Some people keep the CPL filter on their lens all the time as an additional camera lens protector (the way others use a UV filter). If this is you, just make sure that you have the CPL rotated correctly when you're not wanting the effect.
A polarizing filter is not something you want to leave on your lenses at all times though since it reduces light transmission and it can potentially make the sky look unevenly gradient when using wide-angle lenses.
It's generally not a good idea to use a circular polarizing filter with a wide-angle lens. This is because CPL filters work best when they're at a 90-degree angle away from a light source, such as the sun, and a wide-angle lens usually covers more than 90 degrees.
It can remove glare from still water, but is less effective on ripples. It can darken and intensify the color of the sky at 90 degrees from the sun on a clear day. At night, it might have the same effect for moonlit scenes.
When you're photographing at night, you want to get as much light as possible into your lens. A polarizer is going to reduce the amount of light and force you to use a longer shutter speed or a higher ISO setting. So if you're shooting in the dark, do yourself a favor and remove the polarizer.
The short answer is Yes…you can use a polarizing filter for portraits. In fact there are many situations where a polarizing filter can greatly enhance your portraits. There are some things you have to keep in mind, however.
Most photographers, especially those shooting outdoors, use both filters individually for various purposes, although they can also be used together simultaneously.
Can You Use a CPL Filter and an ND Filter Together? Both ND and CPL filters work well together, but often need to be used separately when combating specific issues. For example, water reflections and dull skies are two issues an ND filter can't address.
A CPL Filter can dramatically improve contrast and clarity in daylight, especially on sunny days. Most noticeably, a dash cam CPL Filter can minimize glare and reflections in your windshield.
Quick Tip #1: Use It On Overcast Days—The polarizer helps saturate a blue sky depending on the angle to the sun. If it's overcast, there is no blue, but it can add a touch of snap to darker clouds. Use it to eliminate flat gray sky reflections onto shiny surfaces to eradicate glare that robs color saturation.
You should always rotate the CPL filter 360 degrees and check the level of contrast, saturation, and reflection it is boosting or reducing, and then only decide the degree at which you want to use the filter.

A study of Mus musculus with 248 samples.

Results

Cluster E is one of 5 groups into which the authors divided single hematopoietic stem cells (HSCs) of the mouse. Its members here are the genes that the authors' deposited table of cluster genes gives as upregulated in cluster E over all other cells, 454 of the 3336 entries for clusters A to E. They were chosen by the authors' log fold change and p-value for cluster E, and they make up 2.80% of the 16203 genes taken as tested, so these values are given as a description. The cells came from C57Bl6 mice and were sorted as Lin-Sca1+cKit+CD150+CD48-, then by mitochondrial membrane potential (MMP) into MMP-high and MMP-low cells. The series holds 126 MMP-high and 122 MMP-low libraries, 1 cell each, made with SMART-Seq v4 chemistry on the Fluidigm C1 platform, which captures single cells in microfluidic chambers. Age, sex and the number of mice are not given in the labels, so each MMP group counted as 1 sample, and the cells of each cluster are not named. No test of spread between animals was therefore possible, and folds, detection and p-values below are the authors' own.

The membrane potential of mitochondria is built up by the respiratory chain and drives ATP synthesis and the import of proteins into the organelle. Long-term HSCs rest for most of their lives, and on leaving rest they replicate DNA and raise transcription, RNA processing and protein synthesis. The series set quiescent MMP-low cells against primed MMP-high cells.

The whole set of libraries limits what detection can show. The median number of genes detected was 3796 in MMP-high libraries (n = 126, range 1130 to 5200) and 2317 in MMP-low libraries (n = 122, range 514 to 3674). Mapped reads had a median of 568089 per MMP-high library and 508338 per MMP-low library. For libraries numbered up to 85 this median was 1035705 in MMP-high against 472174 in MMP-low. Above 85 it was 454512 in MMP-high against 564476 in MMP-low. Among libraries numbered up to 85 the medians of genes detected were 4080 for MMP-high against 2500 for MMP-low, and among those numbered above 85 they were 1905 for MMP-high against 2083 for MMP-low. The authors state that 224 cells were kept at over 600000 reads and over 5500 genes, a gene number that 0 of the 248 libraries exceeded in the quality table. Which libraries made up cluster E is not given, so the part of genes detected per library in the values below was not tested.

They work differently. Basically, a polarizer is used for blocking light reflected off a surface, while an ND just makes the whole scene darker. Polarizing filters can enhance the color of the image while ND filters just block the light entering the camera. It does not change the overall color of the image.
Let me start with this statement: every landscape photographer should own a circular polarizer. If you're tired of unwanted glare and reflections, struggle to make wet surfaces look good, or can't seem to get the contrast and colors to pop in your image, a polarizing filter is exactly what you need.
Since landscape photographers are often most concerned about depth of field, keeping your aperture constant and changing your shutter speed or ISO will likely be necessary after affixing a polarizer to your lens. A polarizer's effect on your scene changes as you rotate it.
A CPL filter – which stands for circular polarizer/linear – is a glass attachment that can reduce the glare from reflected surfaces. How does it help? Polarized light comes from light that has been reflected off of something.
A 3-stop or 0.9 density ND is ideal for waterfalls in bright sunlight, slowing the exposure to a second or so, depending on the f-stop and ISO used. A strong 10-stop or 3.0 ND filter can blur clouds over several minutes, even on a bright sunny day.
A UV filter won't protect your lens from much more than dust and scratches. If you're shooting at the beach or in the desert, putting one on is a good idea, but otherwise, you're probably fine without one. UV filters have a small effect on the quality of your images. Most of the time, it won't make a difference.
Conclusion. My test confirmed that UV filters definitely have a negative impact on image quality; however, I was surprised that the UV filters only caused very minor changes to the image. The sharpness was not affected at all and the UV filter only made a tiny change to the color and lens flare.
It's a valid question and the short answer is yes, you can stack lens filters.
The polarizer is used mostly at 90º from the sun, so you don't have to worry too much about reflections/flair. Re: can I use polarizer filter together with UV filter? Yes but beware, it may cause some vignetting at the corner.
Are Polarizing Filters Worth It? Polarizer filters provide a means of cutting glare, improving contrast, and eliminating reflections in your photos. Since these unique advantages cannot be found with any other lens filter, polarizers are worth it for any type of photography.
The filter needs to fit the diameter of your camera's lens therefore check your camera lens first. The diameter size is indicated on the top in millimeters (Ex: 16mm, 35mm, 50mm, 55mm, 65mm, 77mm, 82mm, 100mm, 300mm, etc.). In theory, one polarizing filter of the correct size should fit all.